How to fight fraud and abuse using Stripe Radar
Online transaction handling has become one of the most vital aspects of all business activities in our modern-day economic landscape. The global e-commerce market is expected to be valued at $4.94 trillion in 2021 and is estimated to grow over 49% by 2025. Unfortunately, the rapidly increasing customer trend towards e-commerce has paved the way for fraudsters to follow. A study shows that fraudulent transactions have increased by 18% in 2021, totaling more than $20 billion in losses for businesses.
Without the standard security measures such as identification checks and paying with a chip-enabled card, an online transaction is far less secure compared to a transaction at a POS. Given the risk associated with receiving an online transaction, the liability of accepting fraudulent transactions rests with the merchant and not the bank. If a merchant accepts an order that is later deemed fraudulent, the cardholder may initiate a dispute which may force the merchant to issue a refund and pay the accompanying dispute fees.
Understanding this liability is essential for online merchants, many of whom are unaware of their responsibility to review their orders to weed out fraudulent activity. There is an increasing number of tools entering the market to support identifying and reducing fraud. One of the most sophisticated tools is Stripe Radar.
Fundamental measures against fraud
The first step to avoiding hefty fines is to collect as much payment information as possible without compromising the checkout process and its inherent conversion rate. Industry best practices require an integration to collect the following relevant payment information:
- Customer name
- Customer email address
- CVC number
- Billing address including postal code
- Shipping address (if different from billing address)
Some disputes are lost because only the minimum information was required during checkout. This makes it difficult for Stripe or the card issuer to verify that the customer is legitimate. For instance, while a billing postal code is not always necessary to process a card payment, including it allows the payment to be verified by the card issuer.
Stripe built-in verification checks
Stripe Radar provides two built-in verification checks:
- Radar includes a rule to block any payments that fail the CVC verification check, which you can enable or disable within the Dashboard. The CVC (also referred to as CVV) is the three- or four-digit number printed directly on the credit card, usually on the signature strip or the front of the card.
- Address verification (AVS) checks to determine whether this information matches the billing address on file with the card issuer. Radar includes a rule to block any payments that fail postal code verification, which you can enable or disable within the Dashboard.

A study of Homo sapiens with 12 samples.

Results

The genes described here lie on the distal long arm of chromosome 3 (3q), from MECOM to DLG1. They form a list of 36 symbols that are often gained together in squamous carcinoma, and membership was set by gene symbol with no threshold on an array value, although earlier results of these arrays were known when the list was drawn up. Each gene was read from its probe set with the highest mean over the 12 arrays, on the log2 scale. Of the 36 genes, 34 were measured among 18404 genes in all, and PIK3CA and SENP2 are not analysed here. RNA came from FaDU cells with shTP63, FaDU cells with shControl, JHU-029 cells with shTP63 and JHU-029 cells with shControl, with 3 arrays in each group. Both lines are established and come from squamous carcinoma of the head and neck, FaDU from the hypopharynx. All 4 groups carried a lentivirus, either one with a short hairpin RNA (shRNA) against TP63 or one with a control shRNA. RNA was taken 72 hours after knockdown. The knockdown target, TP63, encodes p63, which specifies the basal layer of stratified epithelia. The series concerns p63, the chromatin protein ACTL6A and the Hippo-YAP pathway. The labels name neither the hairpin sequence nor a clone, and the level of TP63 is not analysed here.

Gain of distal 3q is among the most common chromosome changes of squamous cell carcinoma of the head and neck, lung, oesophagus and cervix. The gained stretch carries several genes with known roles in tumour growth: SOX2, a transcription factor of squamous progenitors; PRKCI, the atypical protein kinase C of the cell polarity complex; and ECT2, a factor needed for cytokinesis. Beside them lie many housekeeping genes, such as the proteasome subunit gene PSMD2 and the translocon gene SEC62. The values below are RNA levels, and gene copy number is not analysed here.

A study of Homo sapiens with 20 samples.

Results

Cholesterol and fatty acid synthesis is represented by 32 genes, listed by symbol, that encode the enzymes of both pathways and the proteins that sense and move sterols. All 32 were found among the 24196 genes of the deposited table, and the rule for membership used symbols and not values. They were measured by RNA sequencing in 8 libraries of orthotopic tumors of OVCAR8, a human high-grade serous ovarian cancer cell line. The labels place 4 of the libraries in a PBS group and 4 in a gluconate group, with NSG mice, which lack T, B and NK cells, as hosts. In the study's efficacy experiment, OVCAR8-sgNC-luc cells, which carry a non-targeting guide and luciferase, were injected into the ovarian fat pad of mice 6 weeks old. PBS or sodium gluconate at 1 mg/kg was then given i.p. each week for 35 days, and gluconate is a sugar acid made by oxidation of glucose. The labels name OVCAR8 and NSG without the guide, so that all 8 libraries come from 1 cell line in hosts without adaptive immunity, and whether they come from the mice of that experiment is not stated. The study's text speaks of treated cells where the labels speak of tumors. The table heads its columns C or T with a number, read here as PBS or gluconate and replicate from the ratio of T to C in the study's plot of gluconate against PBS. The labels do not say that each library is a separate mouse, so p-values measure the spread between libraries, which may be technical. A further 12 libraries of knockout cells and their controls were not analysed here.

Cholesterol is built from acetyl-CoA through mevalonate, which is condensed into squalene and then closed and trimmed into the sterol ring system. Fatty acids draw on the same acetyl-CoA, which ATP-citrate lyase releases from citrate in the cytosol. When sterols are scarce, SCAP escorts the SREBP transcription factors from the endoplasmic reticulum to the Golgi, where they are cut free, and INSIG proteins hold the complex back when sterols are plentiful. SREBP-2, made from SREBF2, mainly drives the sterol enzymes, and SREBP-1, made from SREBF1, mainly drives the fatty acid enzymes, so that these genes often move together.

Support for AVS checks varies by country and card issuer, however, street address verification is commonly supported for cards issued in the United States, Canada, and the United Kingdom.
Furthermore, Radar enables merchants to compare key fraud metrics with similar businesses. The aim of which is to help inform actions a merchant can take to improve the performance of Radar.
aye4fin’s fraud prevention recommendations
From our experience, the following set of Radar rules may significantly decrease your dispute rate and overall fraudulent activity:
Stripe enables merchants to take advantage of its ability to distinguish email addresses for payments and weed out fraudulent activity. Whenever a disposable email registered with a known throwaway address provider is used Stripe identifies and flags the payment.
When engaging in card testing fraudsters often employ a script that generates names, emails, and addresses. A good rule to address this would be to set a limit for purchases made with more than 3 emails associated with the same card.
There are cases in which fraudsters manage to pass all security measures and e.g. complete a purchase with a stolen card. Once they have reviewed the success of the charge they may continue to use the card for a larger purchase or begin testing other cards. By adding a rule which counts and verifies the successfully authorized charges per IP address, merchants may steer fraudsters away from their platform.
In many cases, declined transactions indicate that the card a user has been flagged by the issuing bank. Credit cards are often flagged automatically when used in a way that suggests the charges might be fraudulent. Our recommendation would be to list the customers with transactions of this kind and block the customers with multiple retries over a period of days.
Furthermore, an indication of fraudulent activity is the multiple sessions created for the same card. If the first transaction is authenticated and captured, fraudsters continue to use the card until it runs out of funding or a limit is hit. To prevent hefty dispute fees merchants are advised to set a limit for successful transactions.
As experts with more than 20 years of experience in the field of payments, aye4fin offers unique insights into the e-commerce landscape. Our tailored and provider agnostic approach enables clients to gain industry-leading know-how on topics ranging from payment provider selection and integration to improvements in checkout conversion and transaction optimization.
As all industries differentiate themselves, we highly recommend scheduling an appointment in which we can perform a review of the current setup and offer future-proof solutions. We look forward to hearing from you!